The word “free” has an amazing effect on purchasing behavior, like a psychological trick. “Free shipping” has become a common option when shopping online. And it was right if we say free shipping is a powerful marketing and sales tool in eCommerce.
According to the Walker Sands Future of Retail 2016 study, nine out of 10 of the survey participants said free shipping was the No. 1 incentive when asked what would make them shop online more often.
Add minimum order threshold
Probably one of the most popular methods is to set a free shipping threshold – the lowest purchase amount that entitles a customer to free shipping. Very often buyers add more products to their shopping cart just to benefit from it. This will help increase average order values and potentially boost profits within certain product categories. Offering free shipping can help customers spend just a little bit more to avoid shipping fees. After capturing customers’ psychology, let’s do this tactic.
1. Inform the discount
First of all, the information about the discount must be displayed on the pop-up, main menu, header, etc. Example: “Free shipping in orders over $50”.
2. Condition not met
Let’s motivate your shoppers to add more items to the cart to achieve the goal by using the progress bar and message so that they could catch up with the target.
3. Condition met
Finally, adding some gifs or animations appeared when shoppers met the condition to have a coupon for free delivery.
Such findings appeared, among others, in the BigCommerce report published in 2019
“Up to 84% of consumers admitted that they’re ready to buy more to receive free shipping”
Common free shipping thresholds include $25, $35, $50, and $100, but you shouldn’t just choose one of those numbers without doing the math. So, how calculate a free shipping minimum spend threshold to minimize risks?
How to calculate a free shipping minimum spend threshold?
Offering a minimum order requirement in exchange for free shipping can be a successful tactic if you know how to calculate your free shipping threshold. Here’s the way to do it:
- Calculate your Average Order Value, without shipping costs (for example, $40)
- Determine your Average Shipping Costs (for example, $8)
- Calculate your Gross Profit Margin. To do this, subtract the Cost of Producing the Product from your Total Sales and divide that number by your Total Sales (for example, if your Total Sales are $100k and your Cost of Producing the Product is $60k, then the formula would be ($100,000 – $60,000) / $100,000 = 40% Gross Profit Margin)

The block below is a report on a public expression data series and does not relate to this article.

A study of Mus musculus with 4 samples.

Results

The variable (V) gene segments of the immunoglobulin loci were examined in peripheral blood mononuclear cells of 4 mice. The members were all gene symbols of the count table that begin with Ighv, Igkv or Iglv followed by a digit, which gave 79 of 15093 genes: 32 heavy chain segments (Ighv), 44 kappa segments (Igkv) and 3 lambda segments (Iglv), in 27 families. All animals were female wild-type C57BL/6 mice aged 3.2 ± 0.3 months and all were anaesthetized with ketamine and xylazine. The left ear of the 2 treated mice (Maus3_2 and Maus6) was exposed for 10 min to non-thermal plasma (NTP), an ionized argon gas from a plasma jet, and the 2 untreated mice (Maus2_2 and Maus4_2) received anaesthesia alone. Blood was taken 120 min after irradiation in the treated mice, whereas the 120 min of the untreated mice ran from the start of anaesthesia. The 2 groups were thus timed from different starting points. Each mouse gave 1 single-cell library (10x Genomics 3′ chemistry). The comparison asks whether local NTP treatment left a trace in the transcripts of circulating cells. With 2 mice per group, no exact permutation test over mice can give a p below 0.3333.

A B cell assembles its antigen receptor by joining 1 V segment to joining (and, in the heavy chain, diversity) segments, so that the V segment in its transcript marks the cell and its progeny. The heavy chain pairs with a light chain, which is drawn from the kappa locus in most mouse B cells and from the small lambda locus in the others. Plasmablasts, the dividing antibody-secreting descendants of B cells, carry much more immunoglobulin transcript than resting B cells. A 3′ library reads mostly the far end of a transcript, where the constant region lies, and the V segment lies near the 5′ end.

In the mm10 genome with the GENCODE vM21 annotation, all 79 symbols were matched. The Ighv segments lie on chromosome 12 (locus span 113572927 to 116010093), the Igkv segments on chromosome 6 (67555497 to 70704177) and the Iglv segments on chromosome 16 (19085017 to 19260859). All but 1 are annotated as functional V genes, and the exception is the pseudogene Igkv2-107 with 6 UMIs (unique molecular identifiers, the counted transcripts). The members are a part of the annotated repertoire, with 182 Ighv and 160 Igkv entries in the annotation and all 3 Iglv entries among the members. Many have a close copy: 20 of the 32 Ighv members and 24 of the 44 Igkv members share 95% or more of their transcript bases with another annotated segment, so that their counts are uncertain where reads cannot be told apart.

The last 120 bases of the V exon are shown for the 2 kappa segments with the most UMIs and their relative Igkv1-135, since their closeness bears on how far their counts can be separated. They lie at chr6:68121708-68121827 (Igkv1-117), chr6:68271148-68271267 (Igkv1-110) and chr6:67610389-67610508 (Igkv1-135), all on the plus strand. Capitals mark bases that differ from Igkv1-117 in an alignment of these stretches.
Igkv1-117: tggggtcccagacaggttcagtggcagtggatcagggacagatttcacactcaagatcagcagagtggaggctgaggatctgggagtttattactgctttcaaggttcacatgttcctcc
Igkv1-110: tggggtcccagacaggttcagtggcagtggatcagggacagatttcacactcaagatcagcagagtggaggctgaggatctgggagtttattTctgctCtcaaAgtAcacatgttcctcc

- Propose a Minimum Cart Value (for example, $45)
Now, it’s time to put that Proposed Minimum Cart Value to the test.
- Determine the difference between the Proposed Minimum Cart Value and the Average Order Value ($45 – $40 = $5)
- Multiply the difference by the Gross Profit Margin ($5.00 * .40 = $2)
- Subtract the result from the Average Shipping Cost ($8 – $2 = $6)
As you can see, you’re going to wind up paying $6 for shipping on qualifying orders, which is too much of a hit for your bottom line. So, let’s try adjusting the Proposed Minimum Cart Value. This time, use $55 as the minimum.
- Proposed Minimum Cart Value minus Average Order Value ($55 – $40 = $15)
- Multiply the difference by the Gross Profit Margin ($15.00 * .40 = $6)
- Subtract the result from the Average Shipping Cost ($8 – $6 = $2.00)
(Via The Fulfillment Lab)
Keep in mind that if free shipping is because the business can’t afford it, there are several other ways you can promote free shipping without affecting your bottom line.
How to offer free shipping effectively?
Increase the product price
First, let’s consider your business objectives, what your company can afford, and whether you wish your consumer to buy larger or smaller quantities.
For example, some companies may prefer to receive smaller orders, which reduces order processing costs. But if your products are priced moderately, you may choose to bake the cost of shipping into the product price. By the same token, you need to offer price variations when free shipping is an option.
This tactic helps give the illusion of free shipping when in fact you are increasing the product price tag to help make up for free shipping. However, the revenue you get is completely different between a $5 product and a $50 product. So you’ll need to do the math and calculate the necessary markup using the average shipping cost per order before including the shipping cost in the listed product price.
Time-limited free shipping
Another possibility is to offer free delivery limited to a certain time frame. It is often linked to the holiday season such as Christmas and the many other special days celebrated throughout the year and is related to the shop’s assortment. For example, a flower shop can offer free shipping on Women’s Day.
Of course, this does not mean that free shipping promotions can only be set on certain dates, rather it should be seen as a tip. The decision is always up to the owner. However, it is sure that customers get used to such promos and often look for them when planning their online purchases.
Offering free shipping is a great way to reduce a common barrier to purchasing items online. However, it can come at a cost for your business if you haven’t considered and calculated the proper way to offer it. You must find the right balance between increasing conversions and keeping your prices competitive without losing money.